As you all have no doubt noticed over the years, I love highlighting the best science books every year via the various end of year lists that newspapers, web sites, etc. publish. I’ve done it so far in 2008, 2009, 2010, 2011, 2012 and 2013.

And here we are in 2014!

As in previous years, my definition of “science books” is pretty inclusive, including books on technology, engineering, nature, the environment, science policy, history & philosophy of science, geek culture and whatever else seems to be relevant in my opinion.

Today’s list is Backchannel Top 10 Tech Booksof 2014 part I and II.

  • The Second Machine Age: Work, Progress, and Prosperity in a Time of Brilliant Technologies by Erik Brynjolfsson and Andrew McAfee
  • The People’s Platform: Taking Back Power and Culture in the Digital Age by Astra Taylor
  • Countdown to Zero Day: Stuxnet and the Launch of the World’s First Digital Weapon by Kim Zetter
  • Dataclysm: Who We Are When We Think No One’s Looking by Christian Rudder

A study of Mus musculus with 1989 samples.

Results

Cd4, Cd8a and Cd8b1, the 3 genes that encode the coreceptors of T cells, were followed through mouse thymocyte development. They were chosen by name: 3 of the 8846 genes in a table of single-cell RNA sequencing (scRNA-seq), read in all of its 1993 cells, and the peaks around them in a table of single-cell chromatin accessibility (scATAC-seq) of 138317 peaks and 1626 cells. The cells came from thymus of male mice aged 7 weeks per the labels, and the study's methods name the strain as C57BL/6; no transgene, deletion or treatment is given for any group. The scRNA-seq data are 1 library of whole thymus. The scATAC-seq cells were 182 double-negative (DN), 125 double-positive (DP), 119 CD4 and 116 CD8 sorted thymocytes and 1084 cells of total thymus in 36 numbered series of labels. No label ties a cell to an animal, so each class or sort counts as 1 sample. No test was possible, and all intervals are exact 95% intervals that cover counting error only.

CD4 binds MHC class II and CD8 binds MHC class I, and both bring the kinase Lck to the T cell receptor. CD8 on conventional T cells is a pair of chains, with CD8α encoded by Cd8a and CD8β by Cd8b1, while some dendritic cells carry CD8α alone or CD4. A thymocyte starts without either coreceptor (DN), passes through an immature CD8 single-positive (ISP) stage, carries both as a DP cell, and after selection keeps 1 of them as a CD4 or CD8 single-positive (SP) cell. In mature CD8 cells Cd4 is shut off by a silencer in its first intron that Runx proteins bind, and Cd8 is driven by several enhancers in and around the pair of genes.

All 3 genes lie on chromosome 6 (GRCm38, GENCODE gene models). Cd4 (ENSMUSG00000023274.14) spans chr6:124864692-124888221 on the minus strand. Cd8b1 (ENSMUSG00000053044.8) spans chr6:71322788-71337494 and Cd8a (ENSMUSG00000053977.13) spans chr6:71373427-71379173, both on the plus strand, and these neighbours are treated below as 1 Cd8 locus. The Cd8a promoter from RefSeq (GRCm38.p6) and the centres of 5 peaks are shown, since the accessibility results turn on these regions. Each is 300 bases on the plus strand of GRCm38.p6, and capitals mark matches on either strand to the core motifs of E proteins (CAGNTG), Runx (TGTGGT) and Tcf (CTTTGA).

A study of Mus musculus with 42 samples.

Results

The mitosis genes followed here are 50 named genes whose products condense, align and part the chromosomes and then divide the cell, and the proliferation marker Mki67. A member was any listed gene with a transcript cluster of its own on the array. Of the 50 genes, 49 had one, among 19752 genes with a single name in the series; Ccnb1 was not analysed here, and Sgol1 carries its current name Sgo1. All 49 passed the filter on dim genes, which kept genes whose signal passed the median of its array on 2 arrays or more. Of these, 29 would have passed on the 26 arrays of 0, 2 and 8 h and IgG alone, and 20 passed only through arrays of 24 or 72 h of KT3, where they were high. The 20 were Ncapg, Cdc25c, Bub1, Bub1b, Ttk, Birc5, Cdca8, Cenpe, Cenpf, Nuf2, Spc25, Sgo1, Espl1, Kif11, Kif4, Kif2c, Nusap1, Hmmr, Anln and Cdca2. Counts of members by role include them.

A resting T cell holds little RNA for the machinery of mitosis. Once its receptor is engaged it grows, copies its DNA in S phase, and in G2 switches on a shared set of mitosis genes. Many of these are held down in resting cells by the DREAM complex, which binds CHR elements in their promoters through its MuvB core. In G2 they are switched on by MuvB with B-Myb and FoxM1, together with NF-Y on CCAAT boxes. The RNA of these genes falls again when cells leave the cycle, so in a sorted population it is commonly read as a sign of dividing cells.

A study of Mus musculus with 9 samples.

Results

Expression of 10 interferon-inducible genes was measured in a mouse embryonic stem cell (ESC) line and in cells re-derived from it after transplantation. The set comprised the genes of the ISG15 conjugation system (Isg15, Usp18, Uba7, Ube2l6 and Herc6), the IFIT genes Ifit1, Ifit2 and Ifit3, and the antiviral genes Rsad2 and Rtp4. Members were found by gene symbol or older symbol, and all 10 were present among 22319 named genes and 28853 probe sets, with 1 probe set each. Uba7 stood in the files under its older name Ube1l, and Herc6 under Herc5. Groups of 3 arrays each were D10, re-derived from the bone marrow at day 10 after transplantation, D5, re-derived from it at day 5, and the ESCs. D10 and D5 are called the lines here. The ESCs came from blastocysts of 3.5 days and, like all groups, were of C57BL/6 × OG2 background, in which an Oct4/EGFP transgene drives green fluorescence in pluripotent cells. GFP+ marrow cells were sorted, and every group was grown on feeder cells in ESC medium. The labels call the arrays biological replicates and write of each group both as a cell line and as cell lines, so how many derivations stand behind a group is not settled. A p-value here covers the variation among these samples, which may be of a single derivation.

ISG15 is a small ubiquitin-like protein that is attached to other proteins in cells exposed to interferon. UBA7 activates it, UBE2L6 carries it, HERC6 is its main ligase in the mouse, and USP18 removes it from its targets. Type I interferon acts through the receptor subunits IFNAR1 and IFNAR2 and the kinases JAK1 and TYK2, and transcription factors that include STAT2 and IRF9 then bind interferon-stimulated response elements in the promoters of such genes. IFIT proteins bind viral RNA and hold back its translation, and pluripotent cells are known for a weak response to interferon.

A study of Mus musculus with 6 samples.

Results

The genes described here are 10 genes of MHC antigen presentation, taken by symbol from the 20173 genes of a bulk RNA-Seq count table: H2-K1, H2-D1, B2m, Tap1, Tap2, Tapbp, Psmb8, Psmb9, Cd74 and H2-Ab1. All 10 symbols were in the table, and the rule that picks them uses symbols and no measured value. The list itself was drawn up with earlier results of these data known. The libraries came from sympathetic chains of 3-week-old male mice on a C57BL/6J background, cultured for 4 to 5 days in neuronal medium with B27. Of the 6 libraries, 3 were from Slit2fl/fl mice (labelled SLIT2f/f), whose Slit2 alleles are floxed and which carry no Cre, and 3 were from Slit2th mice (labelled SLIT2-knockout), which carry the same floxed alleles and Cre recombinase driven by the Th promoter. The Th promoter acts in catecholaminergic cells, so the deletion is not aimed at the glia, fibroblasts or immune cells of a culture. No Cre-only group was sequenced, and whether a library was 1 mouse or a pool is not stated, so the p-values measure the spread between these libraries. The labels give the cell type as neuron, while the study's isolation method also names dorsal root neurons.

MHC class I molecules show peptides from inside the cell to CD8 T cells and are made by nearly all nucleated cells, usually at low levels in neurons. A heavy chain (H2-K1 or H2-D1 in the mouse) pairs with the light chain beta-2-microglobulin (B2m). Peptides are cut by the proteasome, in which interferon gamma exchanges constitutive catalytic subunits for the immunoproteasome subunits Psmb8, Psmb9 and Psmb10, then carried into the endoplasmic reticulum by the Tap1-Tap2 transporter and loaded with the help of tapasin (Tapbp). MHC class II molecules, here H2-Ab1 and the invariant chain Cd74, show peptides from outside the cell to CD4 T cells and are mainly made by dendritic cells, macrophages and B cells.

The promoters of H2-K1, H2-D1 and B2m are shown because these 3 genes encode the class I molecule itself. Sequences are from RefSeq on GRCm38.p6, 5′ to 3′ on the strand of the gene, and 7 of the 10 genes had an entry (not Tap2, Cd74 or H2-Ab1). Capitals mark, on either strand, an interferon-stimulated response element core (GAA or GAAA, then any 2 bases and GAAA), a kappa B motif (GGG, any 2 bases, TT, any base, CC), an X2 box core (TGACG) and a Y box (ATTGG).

• Geek Sublime: The Beauty of Code, the Code of Beauty by Vikram Chandra
  • It’s Complicated: The Social Lives of Networked Teens by danah boyd
  • The Glass Cage: Automation and Us by Nicholas Carr
  • Dragnet Nation: A Quest for Privacy, Security, and Freedom in a World of Relentless Surveillance by Julia Angwin
  • The Hard Thing About Hard Things: Building a Business When There Are No Easy Answers by Ben Horowitz
  • Hacker, Hoaxer, Whistleblower, Spy: The Many Faces of Anonymous by Gabriella Coleman

And check out my previous 2014 lists here!

Many of the lists I use are sourced via the Largehearted Boy master list.

(Astute readers will notice that I kind of petered out on this project last year and never got around to the end of year summary. The last few years I ended up featuring dozens of lists, virtually every list I could find that had science books on it. While it was kind of cool to be so comprehensive, not to mention that it gave the summary posts a certain statistical weight, it was also way more work than I had really envisioned way back in 2008 or so when I started doing this. As a result, I’m only going to highlight particularly large or noteworthy lists this year and forgo any kind of end of year summary. Basically, all the fun but not so much of the drudgery.)